A day or two after the storming of the Capitol in Washington, some of the political debate turned to whether it was right that a private company should be the one silencing president Donald Trump. He lost his Twitter account, and soon most other social media had cancelled his accounts.
In Europe, the very same concerns—the enormous influence that private companies wield over society through social media platforms—had already been acted upon. The proposed Digital Services Act says that the giant platforms are liable for their content, for example when it amplifies disinformation that may constitute a risk to democracy, electoral processes and public security.
In short, with Europe and the US facing an identical problem, European lawmakers are already debating and well on their way to regulating, while their polarised American counterparts are left with action in the courts as the only option. The EU actually works.
This fact has come as something of a surprise to a number of Swedish politicians lately. Sweden has long had a tendency to see the EU through British eyes. On Midsummer’s Eve in 2016, all Swedish commentators on the UK voting to leave EU were deeply upset, with a touch of panic even.
To understand the strength of these feelings, you need to know that, since the day it joined in January 1995, Sweden has said “no” to basically every new EU initiative.
This constant “no” from Sweden has gone almost unnoticed, taking place behind the broad back of the UK; hence the fear among Swedish politicians. Without the UK to shield us, won’t the EU run amok with crazy, expensive and—most likely—protectionist ideas?
Instead, Sweden has discovered, to its surprise, that the EU actually works. The first hint came in 2017 when Donald Trump wobbled on whether he would adhere to NATO commitments. Imagine the dismay in Sweden, not even a NATO member but relying all the more heavily on the US military for its defence as a result.
The EU system was on the case. A commitment to invest in more autonomous European defence capabilities had been made in 2016, PESCO was up and running, the European Defence Agency was strengthened and military free movement was in the planning stages.
In the summer of 2018, Swedish forests were burning, in the north, south, east and west, all at the same time. Sweden’s firefighters were overwhelmed—until EU came through, via its civil protection scheme.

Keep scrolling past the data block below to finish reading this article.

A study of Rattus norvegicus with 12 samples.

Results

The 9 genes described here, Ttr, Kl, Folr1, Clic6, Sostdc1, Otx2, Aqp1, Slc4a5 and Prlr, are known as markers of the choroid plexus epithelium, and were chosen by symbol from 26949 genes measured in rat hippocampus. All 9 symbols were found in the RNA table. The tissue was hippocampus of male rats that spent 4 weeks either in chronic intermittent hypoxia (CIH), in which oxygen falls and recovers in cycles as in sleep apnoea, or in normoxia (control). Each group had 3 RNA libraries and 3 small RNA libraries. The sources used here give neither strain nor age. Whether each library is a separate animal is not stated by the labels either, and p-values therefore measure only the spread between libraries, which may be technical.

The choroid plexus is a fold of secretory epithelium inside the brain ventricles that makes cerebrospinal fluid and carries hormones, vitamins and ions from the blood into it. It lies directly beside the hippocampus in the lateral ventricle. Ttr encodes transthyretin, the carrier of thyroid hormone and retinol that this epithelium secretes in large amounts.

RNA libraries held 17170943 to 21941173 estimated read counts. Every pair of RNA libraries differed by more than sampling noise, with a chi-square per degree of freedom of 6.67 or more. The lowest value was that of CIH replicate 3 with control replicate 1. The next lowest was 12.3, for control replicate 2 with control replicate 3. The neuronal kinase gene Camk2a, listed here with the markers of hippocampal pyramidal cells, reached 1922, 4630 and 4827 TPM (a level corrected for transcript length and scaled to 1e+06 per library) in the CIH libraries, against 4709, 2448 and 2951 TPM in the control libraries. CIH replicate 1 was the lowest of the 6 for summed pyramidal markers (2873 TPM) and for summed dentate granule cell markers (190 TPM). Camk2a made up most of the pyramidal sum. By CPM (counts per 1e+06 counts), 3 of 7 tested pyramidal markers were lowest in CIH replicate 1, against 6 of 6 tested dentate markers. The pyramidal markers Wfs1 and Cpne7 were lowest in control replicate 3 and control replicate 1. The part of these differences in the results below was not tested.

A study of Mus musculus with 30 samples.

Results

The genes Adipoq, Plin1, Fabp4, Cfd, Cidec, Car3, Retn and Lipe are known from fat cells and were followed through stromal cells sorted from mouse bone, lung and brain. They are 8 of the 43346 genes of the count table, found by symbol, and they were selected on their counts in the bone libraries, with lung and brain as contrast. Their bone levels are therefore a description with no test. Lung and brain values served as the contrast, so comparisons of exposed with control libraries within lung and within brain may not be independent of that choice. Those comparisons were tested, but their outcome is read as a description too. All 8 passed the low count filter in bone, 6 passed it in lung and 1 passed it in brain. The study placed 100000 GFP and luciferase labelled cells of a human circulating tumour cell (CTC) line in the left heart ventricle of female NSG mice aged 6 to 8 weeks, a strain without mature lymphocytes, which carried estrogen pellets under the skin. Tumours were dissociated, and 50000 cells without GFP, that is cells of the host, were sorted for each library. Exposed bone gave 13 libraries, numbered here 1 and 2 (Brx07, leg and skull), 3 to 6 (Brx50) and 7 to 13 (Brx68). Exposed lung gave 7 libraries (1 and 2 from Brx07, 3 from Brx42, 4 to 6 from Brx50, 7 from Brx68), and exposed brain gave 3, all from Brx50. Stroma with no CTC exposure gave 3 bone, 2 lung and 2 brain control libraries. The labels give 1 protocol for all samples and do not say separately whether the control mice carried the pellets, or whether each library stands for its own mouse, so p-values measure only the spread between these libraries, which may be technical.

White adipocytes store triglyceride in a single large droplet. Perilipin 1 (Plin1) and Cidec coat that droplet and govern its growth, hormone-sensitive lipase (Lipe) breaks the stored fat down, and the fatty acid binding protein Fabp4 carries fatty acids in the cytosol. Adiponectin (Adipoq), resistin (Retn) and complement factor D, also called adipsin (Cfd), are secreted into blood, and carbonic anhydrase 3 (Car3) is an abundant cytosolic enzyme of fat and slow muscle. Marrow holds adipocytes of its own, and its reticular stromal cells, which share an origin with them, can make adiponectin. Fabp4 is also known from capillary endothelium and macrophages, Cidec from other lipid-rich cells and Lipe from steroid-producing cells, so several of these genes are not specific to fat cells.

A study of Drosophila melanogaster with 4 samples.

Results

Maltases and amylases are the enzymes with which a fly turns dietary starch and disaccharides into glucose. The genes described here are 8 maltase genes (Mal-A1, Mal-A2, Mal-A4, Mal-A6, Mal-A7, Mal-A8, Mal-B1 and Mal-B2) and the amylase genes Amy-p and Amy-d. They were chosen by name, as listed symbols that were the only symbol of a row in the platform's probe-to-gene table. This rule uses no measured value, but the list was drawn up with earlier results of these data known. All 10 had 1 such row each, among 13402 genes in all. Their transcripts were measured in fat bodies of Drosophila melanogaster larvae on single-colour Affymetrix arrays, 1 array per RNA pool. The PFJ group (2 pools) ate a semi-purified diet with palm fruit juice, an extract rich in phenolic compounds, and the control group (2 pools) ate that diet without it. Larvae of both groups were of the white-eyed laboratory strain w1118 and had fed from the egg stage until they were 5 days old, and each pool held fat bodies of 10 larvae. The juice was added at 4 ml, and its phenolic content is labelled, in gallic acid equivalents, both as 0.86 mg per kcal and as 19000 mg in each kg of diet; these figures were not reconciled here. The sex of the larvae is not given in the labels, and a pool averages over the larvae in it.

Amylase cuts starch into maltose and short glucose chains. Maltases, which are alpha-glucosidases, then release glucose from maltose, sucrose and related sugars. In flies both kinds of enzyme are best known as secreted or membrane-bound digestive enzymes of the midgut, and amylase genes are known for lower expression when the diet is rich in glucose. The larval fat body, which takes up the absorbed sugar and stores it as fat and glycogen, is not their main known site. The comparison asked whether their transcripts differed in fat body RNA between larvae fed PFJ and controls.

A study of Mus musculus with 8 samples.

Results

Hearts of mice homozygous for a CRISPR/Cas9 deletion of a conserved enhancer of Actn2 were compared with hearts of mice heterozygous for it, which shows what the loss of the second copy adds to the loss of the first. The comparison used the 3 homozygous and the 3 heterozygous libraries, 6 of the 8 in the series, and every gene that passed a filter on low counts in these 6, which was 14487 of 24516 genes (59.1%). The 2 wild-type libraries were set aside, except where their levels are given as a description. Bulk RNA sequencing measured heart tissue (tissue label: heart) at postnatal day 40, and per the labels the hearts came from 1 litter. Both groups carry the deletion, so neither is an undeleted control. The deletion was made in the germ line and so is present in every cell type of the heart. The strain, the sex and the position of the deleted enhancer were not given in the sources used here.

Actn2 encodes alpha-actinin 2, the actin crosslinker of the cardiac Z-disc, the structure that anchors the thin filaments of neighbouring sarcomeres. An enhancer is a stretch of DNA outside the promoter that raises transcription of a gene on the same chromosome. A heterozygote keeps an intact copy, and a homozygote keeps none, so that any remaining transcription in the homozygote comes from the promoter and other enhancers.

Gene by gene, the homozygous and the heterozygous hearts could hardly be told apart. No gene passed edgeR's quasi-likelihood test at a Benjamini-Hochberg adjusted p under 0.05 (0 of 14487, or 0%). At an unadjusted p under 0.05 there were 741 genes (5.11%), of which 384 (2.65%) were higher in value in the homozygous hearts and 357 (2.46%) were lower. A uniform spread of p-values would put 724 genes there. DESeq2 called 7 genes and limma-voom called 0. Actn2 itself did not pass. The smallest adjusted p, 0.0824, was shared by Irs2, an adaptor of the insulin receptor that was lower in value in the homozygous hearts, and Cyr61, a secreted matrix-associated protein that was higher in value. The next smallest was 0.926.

It was a huge relief for the Swedish government when, under pressure from Russia to support Nord Stream II and from China to allow Huawei in its 5G rollout, it was able to respond as an EU member country.
In 2020 it was the Brussels bureaucracy that Sweden turned to at the outset of the pandemic, when the large EU countries wanted to keep protective gear and medical equipment to themselves.
The Swedish government also happily accepted that in June 2020 the European Commission took over the task of selecting which pharmaceutical companies’ research to support, and vaccines to order, for the whole of the EU. In Stockholm people shuddered at the thought that, instead, every EU country might have gone it alone, launching an international race for a vaccine.
True, you had to squeeze hard to get a Swedish commitment to the EU borrowing money in support of an economic recovery fund starting in April 2020. Now you will find prime minister Stefan Löfven defending, with the benefit of hindsight, the logic of a coordinated European recovery, explaining how Sweden stands to gain from this.
This is not a Swedish love affair with the EU. Far from it. It is a slow realisation that, more often than not, the EU actually works for a small country.
Brexit has helped many others than the Swedes realise this fact, not only thanks to the hopelessly ineptly staged departure of the UK. Since June 2016, it has dawned on us that, when the British attack the EU for being protectionist, bureaucratic, inefficient and so on, while they may have a point, they are not defending our interests.
So when we no longer take every British utterance for the absolute truth, what do we see?
We see that, in a chaotic world, through the EU we have a surprisingly robust system for power sharing, with common institutions working for all of its members. This is underpinned by nothing less remarkable than the biggest and richest market in the world.
Oh, we 27 will continue to disagree on many things. But these structural feats will carry the EU through future crises as they hit us.
Brexit has helped us see this more clearly.